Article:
BOJ chief tries to quash market speculation of tapering

Gov. Kuroda adamant that massive monetary easing will continue

Bank of Japan Gov. Haruhiko Kuroda speaks to reporters at the bank's headquarters in Tokyo on Jan. 23. (Photo by Keiichiro Sato)

TOKYO -- Bank of Japan Gov. Haruhiko Kuroda made it abundantly clear Tuesday that the central bank does not plan to unwind its easy monetary policy. But against a backdrop of rosy economic indicators, a jittery market does not seem to be getting the message.

"We have not arrived at the stage where we can consider an exit," Kuroda told reporters Tuesday immediately following a two-day policy meeting. Because the inflation rate is still far from the 2% target, he said the bank "will diligently continue with monetary easing."

This week's meeting marks one year and four months without a major policy change from the BOJ. Kuroda highlighted that unwavering approach by pledging not to immediately adjust the current program if the forward inflation rate rises.

Kuroda also stood his ground when it came to the BOJ's buying of exchange-traded funds. Some have questioned the necessity of that effort given the worldwide rally in stocks.

"There is no problem in maintaining" the ETF purchases, said Kuroda. Some members of the BOJ policy board have called for a review of the side effects, a view Kuroda casts as the opinion of just a few.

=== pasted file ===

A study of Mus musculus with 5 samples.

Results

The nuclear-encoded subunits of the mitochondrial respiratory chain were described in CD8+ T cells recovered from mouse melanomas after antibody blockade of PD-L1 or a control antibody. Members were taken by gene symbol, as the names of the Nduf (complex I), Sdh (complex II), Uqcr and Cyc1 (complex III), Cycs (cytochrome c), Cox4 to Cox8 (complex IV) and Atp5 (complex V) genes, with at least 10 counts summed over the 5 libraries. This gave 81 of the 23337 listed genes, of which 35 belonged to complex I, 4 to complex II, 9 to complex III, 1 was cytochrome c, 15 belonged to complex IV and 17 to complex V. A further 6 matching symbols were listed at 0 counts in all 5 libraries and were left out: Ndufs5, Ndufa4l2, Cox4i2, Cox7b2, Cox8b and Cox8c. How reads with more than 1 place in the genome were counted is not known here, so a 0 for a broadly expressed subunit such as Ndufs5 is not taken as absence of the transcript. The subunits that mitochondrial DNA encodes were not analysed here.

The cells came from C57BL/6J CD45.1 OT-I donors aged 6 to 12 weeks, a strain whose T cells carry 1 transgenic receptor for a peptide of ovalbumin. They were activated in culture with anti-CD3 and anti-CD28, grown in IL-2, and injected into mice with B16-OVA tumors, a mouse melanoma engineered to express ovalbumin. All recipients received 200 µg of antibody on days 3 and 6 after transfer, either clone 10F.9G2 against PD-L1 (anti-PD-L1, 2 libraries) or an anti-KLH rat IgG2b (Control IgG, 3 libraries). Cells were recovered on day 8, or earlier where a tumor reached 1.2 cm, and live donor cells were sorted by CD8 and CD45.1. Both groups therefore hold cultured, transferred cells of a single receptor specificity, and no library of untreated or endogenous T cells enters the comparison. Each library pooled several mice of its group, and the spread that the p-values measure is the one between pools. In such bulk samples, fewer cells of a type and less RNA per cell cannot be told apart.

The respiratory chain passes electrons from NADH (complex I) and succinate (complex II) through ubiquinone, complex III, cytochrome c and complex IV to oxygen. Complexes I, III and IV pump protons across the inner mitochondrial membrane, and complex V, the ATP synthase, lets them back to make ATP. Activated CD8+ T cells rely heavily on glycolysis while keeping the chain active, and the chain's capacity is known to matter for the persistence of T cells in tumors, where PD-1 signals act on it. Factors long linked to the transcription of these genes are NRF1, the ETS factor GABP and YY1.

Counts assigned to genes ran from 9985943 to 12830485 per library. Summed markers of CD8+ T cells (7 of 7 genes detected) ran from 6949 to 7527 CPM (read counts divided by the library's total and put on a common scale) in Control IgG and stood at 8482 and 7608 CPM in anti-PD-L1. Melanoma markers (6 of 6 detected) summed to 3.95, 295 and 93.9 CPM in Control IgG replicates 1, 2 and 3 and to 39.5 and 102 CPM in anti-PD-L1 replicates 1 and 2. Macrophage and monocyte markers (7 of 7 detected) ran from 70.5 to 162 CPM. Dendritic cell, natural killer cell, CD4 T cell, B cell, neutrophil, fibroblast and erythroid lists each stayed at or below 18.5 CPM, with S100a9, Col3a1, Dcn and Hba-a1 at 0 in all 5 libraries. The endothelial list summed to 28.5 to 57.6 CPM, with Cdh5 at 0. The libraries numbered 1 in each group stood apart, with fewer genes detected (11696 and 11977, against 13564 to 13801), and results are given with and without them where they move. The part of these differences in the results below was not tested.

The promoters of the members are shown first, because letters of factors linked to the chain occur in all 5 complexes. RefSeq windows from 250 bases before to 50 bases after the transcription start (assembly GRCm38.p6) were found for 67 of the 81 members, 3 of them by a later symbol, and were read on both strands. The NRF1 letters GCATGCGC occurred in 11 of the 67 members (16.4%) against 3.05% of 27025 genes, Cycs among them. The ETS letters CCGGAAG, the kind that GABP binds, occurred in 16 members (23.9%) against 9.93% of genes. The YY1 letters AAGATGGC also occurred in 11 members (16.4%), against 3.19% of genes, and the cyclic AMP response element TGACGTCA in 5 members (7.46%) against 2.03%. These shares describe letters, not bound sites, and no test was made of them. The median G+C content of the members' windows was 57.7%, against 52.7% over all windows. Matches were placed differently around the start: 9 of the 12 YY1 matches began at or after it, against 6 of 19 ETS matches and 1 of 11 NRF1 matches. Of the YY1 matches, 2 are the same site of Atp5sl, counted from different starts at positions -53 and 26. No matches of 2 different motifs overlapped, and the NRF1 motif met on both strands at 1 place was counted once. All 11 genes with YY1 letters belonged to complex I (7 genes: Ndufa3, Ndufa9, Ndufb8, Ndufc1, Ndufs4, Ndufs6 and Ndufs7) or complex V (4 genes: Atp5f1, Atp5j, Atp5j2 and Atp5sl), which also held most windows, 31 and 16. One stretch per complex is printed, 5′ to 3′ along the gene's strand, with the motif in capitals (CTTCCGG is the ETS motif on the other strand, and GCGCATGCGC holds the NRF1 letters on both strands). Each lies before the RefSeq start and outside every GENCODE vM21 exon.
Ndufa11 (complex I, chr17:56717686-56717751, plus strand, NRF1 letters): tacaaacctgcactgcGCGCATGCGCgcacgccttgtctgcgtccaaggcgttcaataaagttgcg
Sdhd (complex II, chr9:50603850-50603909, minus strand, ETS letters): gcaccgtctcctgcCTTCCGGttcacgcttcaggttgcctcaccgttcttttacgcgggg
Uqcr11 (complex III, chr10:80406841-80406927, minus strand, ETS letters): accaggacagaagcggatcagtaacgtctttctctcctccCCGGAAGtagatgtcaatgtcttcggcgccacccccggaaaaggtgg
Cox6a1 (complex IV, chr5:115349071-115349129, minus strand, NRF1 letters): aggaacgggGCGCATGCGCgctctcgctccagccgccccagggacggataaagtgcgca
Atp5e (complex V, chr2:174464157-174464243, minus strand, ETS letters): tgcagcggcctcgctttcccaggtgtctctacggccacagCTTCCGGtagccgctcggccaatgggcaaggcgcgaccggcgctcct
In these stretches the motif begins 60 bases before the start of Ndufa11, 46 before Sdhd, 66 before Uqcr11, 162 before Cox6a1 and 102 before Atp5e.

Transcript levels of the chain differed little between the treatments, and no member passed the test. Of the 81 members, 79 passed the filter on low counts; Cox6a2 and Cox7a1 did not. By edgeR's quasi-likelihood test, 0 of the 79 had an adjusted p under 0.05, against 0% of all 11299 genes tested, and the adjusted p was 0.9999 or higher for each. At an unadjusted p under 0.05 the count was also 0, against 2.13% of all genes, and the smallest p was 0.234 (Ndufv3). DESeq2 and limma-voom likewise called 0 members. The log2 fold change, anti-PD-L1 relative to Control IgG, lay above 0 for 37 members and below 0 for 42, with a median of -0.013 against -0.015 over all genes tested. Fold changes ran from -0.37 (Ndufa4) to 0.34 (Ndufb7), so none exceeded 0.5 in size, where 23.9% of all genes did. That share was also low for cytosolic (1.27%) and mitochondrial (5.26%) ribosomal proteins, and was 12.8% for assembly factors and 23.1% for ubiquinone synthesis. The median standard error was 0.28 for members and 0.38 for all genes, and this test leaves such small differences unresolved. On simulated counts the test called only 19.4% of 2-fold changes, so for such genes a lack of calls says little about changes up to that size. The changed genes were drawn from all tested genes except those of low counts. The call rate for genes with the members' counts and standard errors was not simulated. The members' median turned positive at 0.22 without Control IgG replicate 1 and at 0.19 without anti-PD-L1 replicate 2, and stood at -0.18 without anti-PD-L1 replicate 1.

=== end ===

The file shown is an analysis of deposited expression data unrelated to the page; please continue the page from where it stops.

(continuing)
"Various opinions emerge within a deliberative body," Kuroda said.

Kuroda's comments paint a picture of a BOJ chief keen on extinguishing speculation that the body will soon tighten its ultraloose policy. With central banks in the U.S. and Europe moving toward an exit from their loose policies, the focus is on how long the BOJ will remain the odd man out.

On Jan. 9, the BOJ announced a surprise cutback in purchases of Japanese government bonds. That sparked speculation, especially among international investors, that the Japanese central bank is preparing for an exit. In currency markets outside Japan, the Japanese currency appreciated by more than 1 yen versus the dollar within 36 hours.

On Tuesday, the BOJ released an inflation outlook that was slightly more optimistic than the one issued at the previous meeting. The market once again saw a hawkish signal, which temporarily strengthened the yen. It appears market players have become sensitive to even the whiff of tightening.

When Kuroda strongly denied such a notion at the press conference, yen sellers took over.

"It's necessary to ascertain the trends in wage increases, so [the BOJ] cannot move toward monetary tightening for at least the first half of 2018," said Naohiro Nomoto at Bank of Tokyo-Mitsubishi UFJ.

But in the end, Kuroda's statement only had a temporary impact on the exchange rate. By 5 p.m. Tuesday, the yen returned to where it had risen to at 9 in the morning.

"There are signs that prices are rising sustainably," said Seiji Adachi at Marusan Securities.